Waterstones cuts losses as Daunt looks ahead with 'optimism'

Waterstones cuts losses as Daunt looks ahead with 'optimism'

Waterstones cut its losses in its last financial year with managing director James Daunt describing it as year of “significant progress” and insisting that the business was edging towards profitability. It is the second consecutive year of reduced losses at Waterstones under Daunt, and includes the period when the chain was restructuring its store and head office staff with staff numbers reduced by 512 in the year to April 2014.

Sales during the period fell by 5.9% to £389.5m, with losses before exceptional items at £3.8m, compared with last year’s loss of £12.5m. Margin management and operational efficiency combined to help reduce the company’s cost base and working capital investment but altogether the retailer's loss after taxation amounted to £18.6m, down from 2013 when it stood at £26m. Nevertheless, the results will be welcomed within the trade as further evidence of improvement at the business.

Speaking about the recent results to The Bookseller, Daunt said: “They are not a comfortable set of accounts. It was a pretty difficult place Waterstones was in and it was only the prior year when saving it seemed rather improbable.The year we are looking at, we were making some progress but we still had some way to go.” In the year to end-April 2013 Waterstones cut it losses them from £42.9m to £26m, and Daunt said this trajectory of improved performance had been maintained into its current financial year. “We are approaching our end of year at the moment and the signs are really encouraging. There is a sense of optimism at Waterstones and although we are not at the end of April yet, the company is in a good position and I expect to be making a profit, give or take a couple of shops which might make a loss.”

Daunt said he was aiming for the company to have an ebitda (earnings before interest, taxes, depreciation and amortization) of between £25m and £30m, with Daunt expecting the figure to be £20m in the period up to end-April 2015. “That is an important yardstick for us where I would be expecting to say 'we are in a secure business heading towards the £30m mark' which is what we need to have without having to rely on Mr Mamut,” Daunt said. Russian oligarch Alexander Mamut bought the company from the HMV Group in May 2011 for £53m when it was widely rumoured to be under threat of collapse.

While sales have been falling at the retailer in the last two sets of accounts, Daunt said revenue was marginally down "if not flat” for the current year, boosted by a strong performance of non-book products, which were up by nearly a third. He revealed sales of kindle devices were “massively down” over Christmas, but would continue to be sold in the shops regardless. “It is important to say through our bookshops to our customers ‘we do not care how you read.’ The devices do not take up huge space in our shops, it is not working as hard as it used to be, but having them there remains important,” Daunt said.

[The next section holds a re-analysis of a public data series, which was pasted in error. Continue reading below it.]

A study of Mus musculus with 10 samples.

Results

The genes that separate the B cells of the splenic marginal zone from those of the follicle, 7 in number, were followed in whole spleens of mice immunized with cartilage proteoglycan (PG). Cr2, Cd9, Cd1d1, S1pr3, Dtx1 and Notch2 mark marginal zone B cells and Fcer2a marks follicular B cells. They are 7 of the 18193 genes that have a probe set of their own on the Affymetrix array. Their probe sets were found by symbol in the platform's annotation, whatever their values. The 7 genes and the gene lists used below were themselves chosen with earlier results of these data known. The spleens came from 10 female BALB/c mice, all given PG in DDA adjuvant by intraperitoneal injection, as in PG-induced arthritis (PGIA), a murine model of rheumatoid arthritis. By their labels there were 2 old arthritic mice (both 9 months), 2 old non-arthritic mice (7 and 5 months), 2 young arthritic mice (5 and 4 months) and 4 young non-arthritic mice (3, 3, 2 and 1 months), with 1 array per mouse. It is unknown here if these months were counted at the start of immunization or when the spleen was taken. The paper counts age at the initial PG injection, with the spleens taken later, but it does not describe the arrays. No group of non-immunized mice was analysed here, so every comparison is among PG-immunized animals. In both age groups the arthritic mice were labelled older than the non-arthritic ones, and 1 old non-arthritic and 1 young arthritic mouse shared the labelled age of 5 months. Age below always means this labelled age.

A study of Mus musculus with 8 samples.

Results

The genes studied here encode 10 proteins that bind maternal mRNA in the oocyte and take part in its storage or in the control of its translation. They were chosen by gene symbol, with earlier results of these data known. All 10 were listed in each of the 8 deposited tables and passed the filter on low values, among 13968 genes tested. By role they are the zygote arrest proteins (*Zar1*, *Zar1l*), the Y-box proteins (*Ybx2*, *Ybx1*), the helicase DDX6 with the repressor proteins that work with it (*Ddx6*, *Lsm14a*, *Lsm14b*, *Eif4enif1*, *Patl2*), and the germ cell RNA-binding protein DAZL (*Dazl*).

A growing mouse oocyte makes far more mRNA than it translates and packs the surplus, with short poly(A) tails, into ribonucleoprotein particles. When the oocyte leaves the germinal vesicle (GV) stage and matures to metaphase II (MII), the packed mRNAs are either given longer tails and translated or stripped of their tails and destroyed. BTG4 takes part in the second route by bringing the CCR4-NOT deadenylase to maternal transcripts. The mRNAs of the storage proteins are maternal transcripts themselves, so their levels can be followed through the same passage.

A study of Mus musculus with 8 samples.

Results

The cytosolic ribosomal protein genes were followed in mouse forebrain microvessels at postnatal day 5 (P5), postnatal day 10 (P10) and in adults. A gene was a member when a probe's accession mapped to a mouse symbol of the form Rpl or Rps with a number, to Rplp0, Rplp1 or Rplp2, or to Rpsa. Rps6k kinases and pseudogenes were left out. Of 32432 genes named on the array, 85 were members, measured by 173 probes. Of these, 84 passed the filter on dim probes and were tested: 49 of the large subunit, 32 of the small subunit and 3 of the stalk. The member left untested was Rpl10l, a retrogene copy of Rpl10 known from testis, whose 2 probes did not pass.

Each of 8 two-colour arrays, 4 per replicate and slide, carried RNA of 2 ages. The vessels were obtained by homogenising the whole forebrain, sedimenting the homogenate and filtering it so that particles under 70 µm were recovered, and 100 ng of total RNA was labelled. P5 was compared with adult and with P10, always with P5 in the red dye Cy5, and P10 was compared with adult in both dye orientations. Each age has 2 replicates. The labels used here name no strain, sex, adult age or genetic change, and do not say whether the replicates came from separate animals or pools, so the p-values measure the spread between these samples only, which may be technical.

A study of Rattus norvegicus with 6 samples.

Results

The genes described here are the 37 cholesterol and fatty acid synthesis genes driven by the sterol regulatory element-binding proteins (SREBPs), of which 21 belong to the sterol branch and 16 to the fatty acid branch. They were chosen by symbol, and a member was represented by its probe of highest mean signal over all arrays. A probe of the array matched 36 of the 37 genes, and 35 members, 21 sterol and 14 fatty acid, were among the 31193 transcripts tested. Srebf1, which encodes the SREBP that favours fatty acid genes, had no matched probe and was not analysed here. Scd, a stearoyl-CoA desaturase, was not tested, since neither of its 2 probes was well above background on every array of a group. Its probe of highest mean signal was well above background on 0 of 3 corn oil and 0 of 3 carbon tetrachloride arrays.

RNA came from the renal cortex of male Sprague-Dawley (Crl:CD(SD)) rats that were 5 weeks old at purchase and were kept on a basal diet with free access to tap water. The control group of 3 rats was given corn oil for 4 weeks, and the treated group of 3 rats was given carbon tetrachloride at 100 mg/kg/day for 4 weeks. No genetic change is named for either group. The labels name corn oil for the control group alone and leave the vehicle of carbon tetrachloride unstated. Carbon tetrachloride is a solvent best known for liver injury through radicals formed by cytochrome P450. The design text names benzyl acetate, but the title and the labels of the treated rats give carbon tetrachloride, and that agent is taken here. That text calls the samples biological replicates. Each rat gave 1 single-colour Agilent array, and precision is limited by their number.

Daunt also said he remained keen to develop its own e-book effort. Waterstones had entered into exclusive talks to buy Tesco’s e-book platform blinkbox Books but they were called off last month when no deal could be reached and the digital platform shut down. Daunt said Waterstones was still keen to sell e-books more effectively and owner Mamut was especially interested in a digital vs bricks and mortar proposition, but suggested there weren’t many other platforms available. “We do not sell e-books in a meaningful, sensible manner. We need to be able to deliver them and I would very much like to,” he said. “On the other hand, the number of platforms are very limited and now there is one less.”

The most recent Waterstones accounts also show staff numbers decreased by 512 from the year to April 2014, and Daunt said those numbers reflected 30% less staff in stores and 60-70% fewer people in head office. The period also takes in a wave of bookshop manager redundancies, when over 200 were let go. Operating exceptional costs totalled £6.9m, including £3.7m on organisational restructuring and £1.8m spent on store closures. During the period the company closed nine shops, resited three shops and two new shops were opened, resulting in a total estate of 276 shops, compared with 283 a year earlier.

“I would like to employ as many booksellers as possible, but we cannot afford it," Daunt said. "I am unapologetic about booksellers being busy, because I think it creates energy and pace and an atmosphere in a bookshop and make for a more interesting job.” However, he conceded “we do not pay them enough." Staff received a 6% bonus for hitting targets last year, and Daunt said the company was in line to hit targets again this year, at which point another bonus would be paid to staff. Daunt added that he had a “young staff” who “work hard” and that currently “morale is higher than it has ever been.”

During the year a new financing deal was agreed with its parent the Mamut owned A&NN Holdings increasing the amount owed to £133m, on which interest is payable. This helped the company generate £53m in cash from its operations, enabling it to pay off a £35m bank loan, and end the year with £21m of cash in the bank.